Federal Aviation Administration officials, concerned about reports that Eastern Air Lines was deferring maintenance on too many airplanes, said today they are in the midst of an intensive safety investigation of the carrier.
The inspection at the nation's third largest airline began early in December and is expected to continue for another two or three weeks. More than 25 FAA inspectors are involved full time.
"We have not seen any serious safety infraction that would require that we take drastic action at this point," said William M. Berry Jr., manager of the FAA's Southern Region flight standards division. "We are seeing some deficiencies that we are still investigating; we don't know how large they are."
Frank Borman, Eastern's chairman and chief executive officer, said in an interview Wednesday that he welcomed the inspection. "Sure," he said, "they will [find some deficiencies] -- not much, though . . . ."
Borman said the "ethic of safety first" exists at Eastern, but said that "doesn't mean that we're perfect and it certainly doesn't mean that a good inspection isn't going to find something wrong with us, but we have established procedures, we follow them, and we don't spare expense when it comes to safety . . . even when we're in financial trouble . . . ."
The inspection was started in response to complaints from passengers about flight delays and complaints from airline employes to FAA inspectors, Berry said. It began as an effort of the FAA's Miami district office, but was expanded and incorporated into a new agency program to thoroughly examine operations and maintenance practices at every major airline.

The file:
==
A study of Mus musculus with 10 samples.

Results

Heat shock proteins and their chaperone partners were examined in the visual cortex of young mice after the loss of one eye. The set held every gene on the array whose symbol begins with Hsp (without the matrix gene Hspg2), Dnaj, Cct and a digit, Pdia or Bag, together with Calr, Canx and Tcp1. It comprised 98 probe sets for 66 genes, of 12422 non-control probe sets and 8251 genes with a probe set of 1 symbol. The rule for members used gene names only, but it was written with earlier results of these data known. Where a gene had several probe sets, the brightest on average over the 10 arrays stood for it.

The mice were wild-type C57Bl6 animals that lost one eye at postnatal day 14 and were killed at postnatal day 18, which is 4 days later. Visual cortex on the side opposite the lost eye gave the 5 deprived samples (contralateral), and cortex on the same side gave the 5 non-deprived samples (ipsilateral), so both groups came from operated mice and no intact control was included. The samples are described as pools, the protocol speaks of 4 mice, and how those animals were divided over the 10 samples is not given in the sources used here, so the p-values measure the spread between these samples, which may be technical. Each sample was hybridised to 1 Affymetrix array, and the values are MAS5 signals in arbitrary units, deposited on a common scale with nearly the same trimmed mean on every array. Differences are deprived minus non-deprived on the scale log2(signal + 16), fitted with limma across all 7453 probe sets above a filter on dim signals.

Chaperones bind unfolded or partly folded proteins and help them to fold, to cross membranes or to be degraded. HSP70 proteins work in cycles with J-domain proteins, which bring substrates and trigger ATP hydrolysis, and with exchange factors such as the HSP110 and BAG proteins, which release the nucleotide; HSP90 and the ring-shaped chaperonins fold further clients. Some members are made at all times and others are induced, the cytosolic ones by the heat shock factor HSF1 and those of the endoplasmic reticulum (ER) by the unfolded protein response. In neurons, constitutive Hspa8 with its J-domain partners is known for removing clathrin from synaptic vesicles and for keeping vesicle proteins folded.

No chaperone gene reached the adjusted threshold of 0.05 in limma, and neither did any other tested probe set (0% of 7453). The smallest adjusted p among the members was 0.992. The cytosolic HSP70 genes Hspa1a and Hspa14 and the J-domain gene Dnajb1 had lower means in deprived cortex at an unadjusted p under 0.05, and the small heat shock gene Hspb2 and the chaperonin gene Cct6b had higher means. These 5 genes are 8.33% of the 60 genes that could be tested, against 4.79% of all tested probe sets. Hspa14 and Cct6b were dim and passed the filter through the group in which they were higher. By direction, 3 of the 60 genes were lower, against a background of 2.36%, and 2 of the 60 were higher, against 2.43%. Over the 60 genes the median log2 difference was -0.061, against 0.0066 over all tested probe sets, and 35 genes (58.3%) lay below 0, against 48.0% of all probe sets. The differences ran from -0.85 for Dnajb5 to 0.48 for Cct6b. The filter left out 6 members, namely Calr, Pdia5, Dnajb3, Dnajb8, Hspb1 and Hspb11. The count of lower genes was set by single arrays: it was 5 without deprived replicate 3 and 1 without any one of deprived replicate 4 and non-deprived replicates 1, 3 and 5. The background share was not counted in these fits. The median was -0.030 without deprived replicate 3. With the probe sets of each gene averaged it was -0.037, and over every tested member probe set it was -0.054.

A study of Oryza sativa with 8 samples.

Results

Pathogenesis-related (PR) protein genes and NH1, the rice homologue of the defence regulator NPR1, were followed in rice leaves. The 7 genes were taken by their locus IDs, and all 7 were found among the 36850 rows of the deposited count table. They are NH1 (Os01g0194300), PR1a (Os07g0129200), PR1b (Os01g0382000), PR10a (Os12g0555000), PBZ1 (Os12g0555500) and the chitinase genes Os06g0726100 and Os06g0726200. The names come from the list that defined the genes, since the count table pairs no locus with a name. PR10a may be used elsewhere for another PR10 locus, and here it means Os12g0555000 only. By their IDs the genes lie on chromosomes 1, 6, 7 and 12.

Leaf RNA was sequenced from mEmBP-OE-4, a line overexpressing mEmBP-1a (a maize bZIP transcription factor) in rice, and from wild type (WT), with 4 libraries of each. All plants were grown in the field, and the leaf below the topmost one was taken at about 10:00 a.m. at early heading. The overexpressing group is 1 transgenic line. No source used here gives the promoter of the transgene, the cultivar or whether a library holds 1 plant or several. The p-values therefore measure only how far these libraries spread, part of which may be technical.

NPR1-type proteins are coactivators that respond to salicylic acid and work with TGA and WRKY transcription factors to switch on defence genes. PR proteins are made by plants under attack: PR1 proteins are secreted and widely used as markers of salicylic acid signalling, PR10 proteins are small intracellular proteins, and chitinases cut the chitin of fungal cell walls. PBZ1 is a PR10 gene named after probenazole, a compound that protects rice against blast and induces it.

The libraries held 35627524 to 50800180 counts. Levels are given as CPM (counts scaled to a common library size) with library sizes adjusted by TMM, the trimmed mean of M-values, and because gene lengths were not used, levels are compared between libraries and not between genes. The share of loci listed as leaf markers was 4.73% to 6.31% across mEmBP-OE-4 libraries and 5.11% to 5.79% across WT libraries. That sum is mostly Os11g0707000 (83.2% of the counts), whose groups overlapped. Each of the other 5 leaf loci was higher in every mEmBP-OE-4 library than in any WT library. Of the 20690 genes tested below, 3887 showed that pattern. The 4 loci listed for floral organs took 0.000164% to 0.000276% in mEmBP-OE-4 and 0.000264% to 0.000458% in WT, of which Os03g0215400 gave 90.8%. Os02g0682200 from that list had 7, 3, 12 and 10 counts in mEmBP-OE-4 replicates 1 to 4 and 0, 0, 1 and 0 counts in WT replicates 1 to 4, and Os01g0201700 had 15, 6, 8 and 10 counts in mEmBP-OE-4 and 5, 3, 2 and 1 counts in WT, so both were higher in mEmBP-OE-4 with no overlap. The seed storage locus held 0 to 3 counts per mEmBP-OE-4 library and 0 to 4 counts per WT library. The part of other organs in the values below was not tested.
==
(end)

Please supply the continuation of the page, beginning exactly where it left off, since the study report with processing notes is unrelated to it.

As a result of a similar inspection, American Airlines recently paid a record $1.5 million civil penalty to settle all FAA issues, although it denied any violations. The FAA has proposed civil penalty settlements of $700,000 for Western Airlines and $300,000 for Continental Airlines in safety-related cases.
"The customer complaints about Eastern, the observation of our inspectors when they ride in the cockpit and looking at the number of maintenance carry-over items that the airplanes were carrying led us to believe that maybe we need to look at that entire thing with some other eyes," Berry said.
"These airplanes are all designed with redundant systems and the concept of deferred maintenance is a part of the design of these airplanes," said Borman, a former astronaut. "Right now, the shuttle -- the space shuttle -- they're running off with deferred maintenance items that are around 100 to 200 per trip because they have the same design philosophy . . . ."
Berry said Eastern "is being very cooperative. We have no reason to believe that what we see at this point is related to any labor problems or money problems," both of which face Eastern today.
Berry said the airline has a good supply of spare parts and a sophisticated computer delivery system. "We just have not come up with the causes of delays," he said.